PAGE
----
As the global car industry heads full speed to producing electric vehicles, the impact is being felt as much by workers in the showroom as those involved in manufacturing. How best to defend sales workers in the face of this seismic shift was at the heart of discussions as UNI Global Union’s commerce sector held its second Car Dealers Network meeting on 31 May. 

UNI-commissioned research presented at the meeting showed that there are both advantages and disadvantages for workers as a new type of sales model emerges and one in three new vehicles are expected to be semi or fully electric by 2028.

This digitalization of the industry, together with the impacts of the COVID-19 pandemic and the war in Ukraine, have created an environment that is not easy for workers in the industry, said Brother Yasutoshi Namiki, General Secretary of the Confederation of Japan Automobile Workers’ Union (JAW), which represents over 100,000 workers in the car dealing industry. “Car dealers can protect workers’ employment and livelihoods by standing in solidarity with each other,” he said.

The distinction between car manufacturers and car dealers is set to blur as producers including Volkswagen, Audi, Mercedes, BMW and Toyota have introduced a direct/agency sales model in many countries, in a cost-saving strategy that will significantly lower dealer margin.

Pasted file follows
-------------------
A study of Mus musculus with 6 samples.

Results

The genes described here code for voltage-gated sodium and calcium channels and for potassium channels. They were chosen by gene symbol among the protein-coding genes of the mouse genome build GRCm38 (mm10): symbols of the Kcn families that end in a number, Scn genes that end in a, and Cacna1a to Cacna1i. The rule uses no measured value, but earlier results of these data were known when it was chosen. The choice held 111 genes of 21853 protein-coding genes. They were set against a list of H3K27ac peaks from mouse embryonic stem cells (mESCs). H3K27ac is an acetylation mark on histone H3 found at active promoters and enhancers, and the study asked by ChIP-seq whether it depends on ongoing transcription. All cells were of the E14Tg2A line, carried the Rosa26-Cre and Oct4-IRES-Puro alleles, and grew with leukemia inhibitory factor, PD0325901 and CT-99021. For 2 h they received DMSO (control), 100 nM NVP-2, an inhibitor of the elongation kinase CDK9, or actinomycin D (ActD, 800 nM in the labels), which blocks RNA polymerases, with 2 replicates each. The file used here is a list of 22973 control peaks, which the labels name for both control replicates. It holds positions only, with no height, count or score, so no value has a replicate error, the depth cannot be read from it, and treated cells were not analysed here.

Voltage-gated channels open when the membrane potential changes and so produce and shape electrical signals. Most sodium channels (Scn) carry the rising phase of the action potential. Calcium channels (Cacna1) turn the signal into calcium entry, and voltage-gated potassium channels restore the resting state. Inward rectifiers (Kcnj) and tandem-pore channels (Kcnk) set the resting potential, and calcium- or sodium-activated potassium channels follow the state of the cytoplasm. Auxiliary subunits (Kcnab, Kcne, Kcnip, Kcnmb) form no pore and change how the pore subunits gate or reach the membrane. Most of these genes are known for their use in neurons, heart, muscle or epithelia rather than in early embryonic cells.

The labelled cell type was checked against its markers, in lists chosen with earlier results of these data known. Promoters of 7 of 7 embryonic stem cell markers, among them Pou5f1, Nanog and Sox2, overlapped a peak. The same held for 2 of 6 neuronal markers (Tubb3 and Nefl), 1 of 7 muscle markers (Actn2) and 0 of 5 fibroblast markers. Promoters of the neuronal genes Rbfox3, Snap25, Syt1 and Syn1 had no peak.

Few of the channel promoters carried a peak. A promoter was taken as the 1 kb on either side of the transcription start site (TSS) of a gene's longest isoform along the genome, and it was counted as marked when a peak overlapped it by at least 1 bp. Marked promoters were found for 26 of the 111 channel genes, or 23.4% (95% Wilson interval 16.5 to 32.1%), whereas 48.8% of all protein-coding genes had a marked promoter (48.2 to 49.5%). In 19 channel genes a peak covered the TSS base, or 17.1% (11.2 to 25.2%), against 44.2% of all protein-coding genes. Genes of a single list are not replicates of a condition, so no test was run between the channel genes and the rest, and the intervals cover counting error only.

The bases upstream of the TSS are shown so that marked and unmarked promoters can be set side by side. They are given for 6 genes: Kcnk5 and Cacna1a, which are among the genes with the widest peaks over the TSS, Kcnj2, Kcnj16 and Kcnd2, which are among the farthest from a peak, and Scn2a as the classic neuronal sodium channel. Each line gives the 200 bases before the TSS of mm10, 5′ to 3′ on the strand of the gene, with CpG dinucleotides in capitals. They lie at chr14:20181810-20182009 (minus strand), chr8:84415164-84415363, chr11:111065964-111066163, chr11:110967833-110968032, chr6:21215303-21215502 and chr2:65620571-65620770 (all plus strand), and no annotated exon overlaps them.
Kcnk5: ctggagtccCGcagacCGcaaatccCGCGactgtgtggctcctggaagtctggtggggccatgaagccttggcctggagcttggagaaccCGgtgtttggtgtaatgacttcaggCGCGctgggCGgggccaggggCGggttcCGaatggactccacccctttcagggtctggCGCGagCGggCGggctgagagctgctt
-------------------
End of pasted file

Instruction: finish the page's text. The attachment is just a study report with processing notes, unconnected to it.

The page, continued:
In this new model, dealers are not independent entrepreneurs who manage stocks and set the prices in negotiation with customers but direct agents of the manufacturers who are paid a commission per vehicle sold without a control over prices that are fixed by the manufacturers.

In addition, more and more cars are being sold online – and even before the pandemic Tesla announced that it would shift to 100 per cent online sales, followed by Volvo which plans to have a pure online sales model by 2030.

This represents a major change in how car dealers do their job through transition from physical, face-to-face interaction with customers to online, virtual engagement with them through phone and video calls.

Italian affiliates FILCAMS/CGIL, FISASCAT/CSIL and UILTUCS are pushing for “Green Sustainability to be Anchored to Social Responsibility” so that workers in the car dealing industry have a strong voice and are able to negotiate the terms and conditions of the transition including reskilling, upskilling, deployment, and reformulation of job descriptions through their unions. Governments also have a role to play to make sure that workers will not be left behind in this process.

As well as the challenges, there are also opportunities for car dealers to provide increased maintenance services for electric vehicles, which require expensive technology to fix that is out of reach to small repair shops. Furthermore, it could be easier for unions to organize sales workers who are employed directly by car manufacturers rather than many thousands of private dealerships.

Saving jobs will be a priority and unions can make a real difference in securing employment, as shown at Proton in Malaysia and by JAW in Japan.

Speaking at the meeting, UNI General Secretary Christy Hoffman emphasized the crucial need to protect car dealers in the coming years and called for trade union cooperation:

“The transition of the car industry should not leave workers behind, and financial gains should be fairly shared with the workers. With this network, we can learn from each other and move forward together through organizing and collective bargaining.”